Two years after the birth of my book, I had quietly come to the unconscious conclusion, that it had finished surprising me. Then went downstairs for today's mail.
Truthfully, I ran down to get my royalty check, which I really need, and it wasn't there, but something better was. Four bulging manila envelops from the same address: Fremd High School, where I'd appeared at their Writer's Week last month.
It was an incredible day and I am so behind on posting about it--which I will, with great pictures. But the gist was: two great sessions with students, back-to-back in their auditorium, maybe 600-800 each, followed by two hours in the teacher's lounge talking to students and teachers in small groups and signing their books. They were bright and energized and it was amazing. But it didn't prepare me for this:
This was the best I could capture on my iPhone. It's about a two-inch stack of thank you letters:
mostly typewritten, quite a few handwritten, and all sorts of different stationary and cards. Each one from a different kid, expressing the impact it had on her or him.
I open the first envelop and sort of gasped. I read a few, tore open the next one, and I was crying by the third.
Maybe this is what teachers feel, or ought to. When I do these events, the rush of emotion is overwhelming. Kids are so expressive and I can see right there are excited they are and interested, and it's invigorating hear them describe what they can't wait to learn next.
But it's one big rush, more than I can really absorb. And I wonder, too, how much of the enthusiasm will last. Next week, will they remember? Will they really dig into that subject or will some new idea replace it thirty minutes later? Maybe that replacement idea will be better. Maybe I was just the excitement of the moment.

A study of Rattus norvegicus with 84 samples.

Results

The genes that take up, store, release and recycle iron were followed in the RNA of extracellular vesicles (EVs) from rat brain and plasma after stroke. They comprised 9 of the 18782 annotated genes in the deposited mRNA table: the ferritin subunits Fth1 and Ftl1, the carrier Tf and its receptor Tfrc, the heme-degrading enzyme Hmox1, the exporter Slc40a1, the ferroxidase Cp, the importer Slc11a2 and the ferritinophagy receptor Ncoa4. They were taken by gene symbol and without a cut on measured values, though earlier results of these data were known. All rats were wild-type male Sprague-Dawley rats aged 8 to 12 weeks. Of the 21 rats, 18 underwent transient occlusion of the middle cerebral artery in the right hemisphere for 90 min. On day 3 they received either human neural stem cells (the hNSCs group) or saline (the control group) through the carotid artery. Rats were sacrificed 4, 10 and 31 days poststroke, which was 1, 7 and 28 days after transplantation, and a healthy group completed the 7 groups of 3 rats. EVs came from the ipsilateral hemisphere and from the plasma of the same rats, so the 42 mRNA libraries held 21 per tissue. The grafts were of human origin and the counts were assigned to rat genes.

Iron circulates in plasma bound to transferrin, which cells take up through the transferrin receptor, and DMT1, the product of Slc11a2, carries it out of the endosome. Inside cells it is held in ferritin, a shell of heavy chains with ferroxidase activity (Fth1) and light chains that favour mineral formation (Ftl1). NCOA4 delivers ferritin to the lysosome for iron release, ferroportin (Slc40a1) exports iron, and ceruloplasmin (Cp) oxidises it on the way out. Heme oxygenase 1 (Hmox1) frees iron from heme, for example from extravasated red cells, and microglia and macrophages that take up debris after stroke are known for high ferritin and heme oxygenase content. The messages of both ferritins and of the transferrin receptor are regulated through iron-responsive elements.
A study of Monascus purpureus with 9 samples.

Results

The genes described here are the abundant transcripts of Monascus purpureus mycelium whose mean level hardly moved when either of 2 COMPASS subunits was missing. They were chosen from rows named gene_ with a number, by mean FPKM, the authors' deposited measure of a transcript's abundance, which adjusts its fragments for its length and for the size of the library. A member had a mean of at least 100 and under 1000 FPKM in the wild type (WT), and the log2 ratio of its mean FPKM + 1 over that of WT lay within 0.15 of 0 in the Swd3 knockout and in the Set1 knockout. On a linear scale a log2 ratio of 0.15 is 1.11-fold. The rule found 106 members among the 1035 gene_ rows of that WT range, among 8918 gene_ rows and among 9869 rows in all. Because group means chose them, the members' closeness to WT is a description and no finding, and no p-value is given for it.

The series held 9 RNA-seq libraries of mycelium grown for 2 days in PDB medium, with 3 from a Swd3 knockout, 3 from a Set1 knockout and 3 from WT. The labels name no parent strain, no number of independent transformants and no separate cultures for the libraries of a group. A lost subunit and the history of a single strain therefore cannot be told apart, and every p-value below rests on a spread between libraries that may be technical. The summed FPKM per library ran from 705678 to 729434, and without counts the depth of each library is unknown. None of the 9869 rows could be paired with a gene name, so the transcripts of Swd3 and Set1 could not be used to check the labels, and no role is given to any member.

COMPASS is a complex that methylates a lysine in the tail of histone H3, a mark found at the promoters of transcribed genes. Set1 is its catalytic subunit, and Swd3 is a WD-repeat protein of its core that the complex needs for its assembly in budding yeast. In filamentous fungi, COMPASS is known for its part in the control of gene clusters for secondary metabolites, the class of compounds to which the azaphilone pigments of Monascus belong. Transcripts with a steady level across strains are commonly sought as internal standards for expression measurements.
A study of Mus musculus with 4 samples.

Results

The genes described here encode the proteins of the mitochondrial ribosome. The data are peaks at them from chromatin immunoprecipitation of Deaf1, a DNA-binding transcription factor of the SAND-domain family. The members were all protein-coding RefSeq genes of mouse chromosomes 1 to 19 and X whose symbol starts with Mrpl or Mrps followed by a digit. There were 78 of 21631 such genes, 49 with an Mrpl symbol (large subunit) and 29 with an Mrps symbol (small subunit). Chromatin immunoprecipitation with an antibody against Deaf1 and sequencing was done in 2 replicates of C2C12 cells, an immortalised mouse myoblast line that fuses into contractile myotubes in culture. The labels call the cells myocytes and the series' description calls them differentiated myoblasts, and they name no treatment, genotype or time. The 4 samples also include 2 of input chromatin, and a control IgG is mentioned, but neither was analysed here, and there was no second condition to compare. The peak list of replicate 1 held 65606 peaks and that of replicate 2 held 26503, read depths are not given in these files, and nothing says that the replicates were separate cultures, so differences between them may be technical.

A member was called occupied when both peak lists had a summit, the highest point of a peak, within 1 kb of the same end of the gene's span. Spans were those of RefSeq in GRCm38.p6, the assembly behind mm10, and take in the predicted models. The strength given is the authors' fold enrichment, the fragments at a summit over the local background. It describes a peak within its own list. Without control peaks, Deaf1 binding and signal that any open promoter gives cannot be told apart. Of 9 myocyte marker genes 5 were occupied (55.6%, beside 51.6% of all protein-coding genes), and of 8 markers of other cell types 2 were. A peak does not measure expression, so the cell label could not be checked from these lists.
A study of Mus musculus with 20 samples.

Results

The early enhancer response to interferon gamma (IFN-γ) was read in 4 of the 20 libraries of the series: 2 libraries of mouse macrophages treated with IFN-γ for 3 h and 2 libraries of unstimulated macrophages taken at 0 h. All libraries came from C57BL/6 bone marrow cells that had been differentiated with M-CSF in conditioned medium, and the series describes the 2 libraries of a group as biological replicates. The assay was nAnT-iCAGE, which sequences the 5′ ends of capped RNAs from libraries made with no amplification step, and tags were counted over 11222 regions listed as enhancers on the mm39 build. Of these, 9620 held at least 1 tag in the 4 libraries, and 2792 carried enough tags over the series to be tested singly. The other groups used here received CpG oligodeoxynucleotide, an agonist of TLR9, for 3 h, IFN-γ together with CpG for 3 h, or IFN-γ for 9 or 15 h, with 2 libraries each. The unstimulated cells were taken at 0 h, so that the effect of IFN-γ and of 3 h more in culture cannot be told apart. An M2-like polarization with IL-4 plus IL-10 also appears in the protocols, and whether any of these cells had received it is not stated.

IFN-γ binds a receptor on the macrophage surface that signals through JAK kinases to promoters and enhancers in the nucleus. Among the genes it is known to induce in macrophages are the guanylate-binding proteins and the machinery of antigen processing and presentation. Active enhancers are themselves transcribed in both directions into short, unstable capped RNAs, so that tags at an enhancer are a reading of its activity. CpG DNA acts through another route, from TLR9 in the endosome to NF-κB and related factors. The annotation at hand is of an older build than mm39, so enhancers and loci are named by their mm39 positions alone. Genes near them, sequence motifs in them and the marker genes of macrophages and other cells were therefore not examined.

I never see them the day after.
I've gotten reports the weeks after. Teachers often write me to say the kids are still talking about it. Librarians email about their waiting list. Those are reassuring. Very. But I've never been bowled over like this.
Thank you so much to every kid and adult at Fremd High who wrote one of those messages. And to whatever teacher organized this wonderful gesture. (I think I know who.) What a difference it made.
What an amazing feeling to know hundreds of kids were touched in some way by my work. I hope it makes them read more. I hope it makes some of them write.
It's also a nice time to reflect on the book itself. I knew the anniversary of the tragedy was approaching, because I've heard rumblings from the survivors and always worry about them this month. I had forgotten the book had its own birthday as well--this past week I guess.
It's out there now--two years on a life of its own. It's even more like parenting than I had imagined. I birthed it, and I still feel responsible, but it detached from me publication day and started a separate life I can neither forsee nor control.
I can help it here and there, open doors for it--like these events, skypes with schools and the Columbine Teacher's Guide. I think that helps, but only on the margins. Most of it comes from readers--especially students and teachers and book clubs--and weird outside forces and the book itself.
I saw a Broadway play last night, and was talking with my friend outside the theater afterward about how exciting it will be when the stage-play version of my book comes out. (We optioned those rights to a very talented writer.) Someday, I'm sure there will also be a film. Who knows when.
Oddly, I was conflicted, talking about how excited I am about my new book project, and finally ready to put Columbine behind me. But not for good. Just off the front burner. I expect it to return several more times for who knows what developments. Definitely the play and the film. A few other possibilities I can foresee. I never saw this one coming.